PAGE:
Posted February 02, 2015 by RentJungle
Where are the most popular markets for building multi-family housing developments? You'll find the answer in this article from The National Multifamily Housing Council.

At the beginning of the apartment recovery, all eyes were on the "sexy six" core markets. Fast forward, however, and the suburbs are demanding more attention. Media coverage notwithstanding, reports of the death of suburban multifamily development were greatly exaggerated.

"Even though the urban core's share of new construction is way up this cycle, two-thirds of starts have been suburban," said Greg Willett, vice president of MPF Research.

A panel on the topic at the recent NMHC Apartment Strategies Conference took on many of the misconceptions of suburban development. Among them?

All suburbs are the same. We need to stop grouping them all together. There are "good" suburbs — strong markets with more jobs, higher house values, higher household incomes and urban-ish, meaning not bedroom communities and not sprawl.

You have to be in the Central Business District (CBD) to keep your units filled. Actually, demand exists beyond the urban core. If you look at the "good" suburbs, you see properties maintaining full occupancy.

The real rent growth is in the urban core. Also not true. On average, pricing increases in "good" suburbs basically match the performance in urban core markets. If anything, higher-rent suburban markets tend to outperform.

Urban core renters are young, suburban renters are older. Because of the price point in urban properties, a lot of renters are older than you might expect, and the lower rents in the suburbs mean those renters are younger than you might expect.

There's too much competition in the suburbs because it's too easy to build there. It's easier to get capital for urban properties while more obstacles to development are cropping up in the suburbs. NIMBYism is alive and well in the suburbs and the entitlement process has gotten much tougher in recent years.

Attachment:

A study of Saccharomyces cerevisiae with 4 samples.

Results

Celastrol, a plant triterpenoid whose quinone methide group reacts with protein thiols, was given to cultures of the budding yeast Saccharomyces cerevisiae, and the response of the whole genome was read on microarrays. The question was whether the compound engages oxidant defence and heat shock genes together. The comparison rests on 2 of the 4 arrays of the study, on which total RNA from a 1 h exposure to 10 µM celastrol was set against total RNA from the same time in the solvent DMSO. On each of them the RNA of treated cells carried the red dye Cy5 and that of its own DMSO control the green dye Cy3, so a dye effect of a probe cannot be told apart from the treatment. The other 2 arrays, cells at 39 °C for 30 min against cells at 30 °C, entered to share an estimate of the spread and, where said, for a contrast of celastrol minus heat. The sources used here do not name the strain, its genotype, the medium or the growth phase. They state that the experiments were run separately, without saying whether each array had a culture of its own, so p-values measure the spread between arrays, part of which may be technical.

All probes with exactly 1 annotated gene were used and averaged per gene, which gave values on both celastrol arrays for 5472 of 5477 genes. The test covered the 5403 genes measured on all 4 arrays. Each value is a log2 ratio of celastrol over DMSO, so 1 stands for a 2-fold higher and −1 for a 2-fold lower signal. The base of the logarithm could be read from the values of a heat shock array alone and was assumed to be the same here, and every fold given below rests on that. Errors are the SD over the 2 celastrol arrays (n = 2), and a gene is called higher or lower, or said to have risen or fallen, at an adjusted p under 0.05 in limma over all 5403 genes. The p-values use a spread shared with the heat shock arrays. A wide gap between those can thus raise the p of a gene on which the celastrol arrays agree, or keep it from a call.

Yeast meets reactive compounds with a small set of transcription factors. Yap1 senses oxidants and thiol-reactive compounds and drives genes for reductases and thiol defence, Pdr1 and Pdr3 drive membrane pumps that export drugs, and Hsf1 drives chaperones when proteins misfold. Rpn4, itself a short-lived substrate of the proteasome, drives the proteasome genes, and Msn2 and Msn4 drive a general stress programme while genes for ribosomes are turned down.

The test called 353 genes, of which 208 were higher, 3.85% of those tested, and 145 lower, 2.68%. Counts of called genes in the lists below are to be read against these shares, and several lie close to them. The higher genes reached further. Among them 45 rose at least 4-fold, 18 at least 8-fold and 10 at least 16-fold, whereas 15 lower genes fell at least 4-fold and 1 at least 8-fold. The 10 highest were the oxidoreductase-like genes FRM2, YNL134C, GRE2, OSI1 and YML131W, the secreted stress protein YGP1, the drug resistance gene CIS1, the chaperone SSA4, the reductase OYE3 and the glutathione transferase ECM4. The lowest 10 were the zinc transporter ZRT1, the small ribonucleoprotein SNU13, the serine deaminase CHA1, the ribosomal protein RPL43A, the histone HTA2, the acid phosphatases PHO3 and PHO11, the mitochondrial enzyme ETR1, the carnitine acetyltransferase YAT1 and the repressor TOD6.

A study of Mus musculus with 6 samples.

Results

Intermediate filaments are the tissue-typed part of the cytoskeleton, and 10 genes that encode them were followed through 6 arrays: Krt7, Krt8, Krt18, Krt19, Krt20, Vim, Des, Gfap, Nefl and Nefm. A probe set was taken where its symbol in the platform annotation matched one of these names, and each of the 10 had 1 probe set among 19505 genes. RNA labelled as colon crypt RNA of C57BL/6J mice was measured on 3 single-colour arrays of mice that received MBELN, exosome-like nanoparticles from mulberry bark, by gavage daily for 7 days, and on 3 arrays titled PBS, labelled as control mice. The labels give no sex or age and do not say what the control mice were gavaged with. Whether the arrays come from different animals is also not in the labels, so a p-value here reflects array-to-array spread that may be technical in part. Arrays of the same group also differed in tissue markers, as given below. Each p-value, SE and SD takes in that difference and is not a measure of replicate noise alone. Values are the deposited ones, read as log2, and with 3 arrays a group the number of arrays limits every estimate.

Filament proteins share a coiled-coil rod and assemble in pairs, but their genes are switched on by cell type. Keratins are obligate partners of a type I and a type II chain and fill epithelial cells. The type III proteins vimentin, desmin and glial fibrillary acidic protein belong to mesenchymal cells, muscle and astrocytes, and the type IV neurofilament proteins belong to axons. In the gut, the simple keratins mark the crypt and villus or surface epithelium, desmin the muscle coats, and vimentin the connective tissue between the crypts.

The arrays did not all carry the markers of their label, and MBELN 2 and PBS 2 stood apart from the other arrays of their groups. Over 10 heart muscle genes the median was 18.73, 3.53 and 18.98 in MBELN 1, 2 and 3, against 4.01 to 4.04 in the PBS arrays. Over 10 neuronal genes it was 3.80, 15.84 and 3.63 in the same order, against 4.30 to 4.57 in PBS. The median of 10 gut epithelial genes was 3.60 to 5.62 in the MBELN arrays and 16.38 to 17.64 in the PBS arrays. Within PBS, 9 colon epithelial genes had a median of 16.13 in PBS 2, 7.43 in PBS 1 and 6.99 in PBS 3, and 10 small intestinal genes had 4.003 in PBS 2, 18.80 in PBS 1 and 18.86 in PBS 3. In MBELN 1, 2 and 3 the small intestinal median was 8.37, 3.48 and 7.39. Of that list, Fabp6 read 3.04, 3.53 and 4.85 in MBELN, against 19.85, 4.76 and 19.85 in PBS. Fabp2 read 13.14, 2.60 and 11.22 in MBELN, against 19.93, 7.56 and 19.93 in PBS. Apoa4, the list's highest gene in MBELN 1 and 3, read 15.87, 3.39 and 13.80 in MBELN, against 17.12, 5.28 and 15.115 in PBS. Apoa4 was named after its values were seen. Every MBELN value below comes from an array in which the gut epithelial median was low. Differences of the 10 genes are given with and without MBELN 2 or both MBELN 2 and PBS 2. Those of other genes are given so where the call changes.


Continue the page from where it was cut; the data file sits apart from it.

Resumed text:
You can't get capital for suburban development. Given that most investors already have a flag in the ground on CBD locations and considering rising construction and land prices, the suburban development story is resonating more with investors on a risk-adjusted basis. According to Brian Natwick, president of multifamily for Crescent Communities, "capital wants to diversify in their investment portfolio and the suburbs are a healthy diversification."

You're going to lose all those suburban renters to homeownership. The percentage of move outs to house purchases hasn't changed, and, in fact, the higher the rents, the higher the percentage.

You have higher renewal conversion rates in downtown markets. The share of renters renewing upon lease expiration in "good" suburbs is 200 basis points higher. "From a customer standpoint, it makes sense to go after both," said Carter Siegel, a director with Wood Properties. "People live in suburban locations for specific reasons — schools, access to nature, lifestyle — offerings that aren't available in the urban core."

Willett summed up the session by saying, "it's not an either/or, it's an 'and.' Suburbs are great and we haven't talked about them enough in recent years."

Siegel concurred with the diversification argument, noting that "urban product is demanded by our customers, so we'll always be there. But at this stage in the cycle, we are looking to make better investments and more money in the suburbs."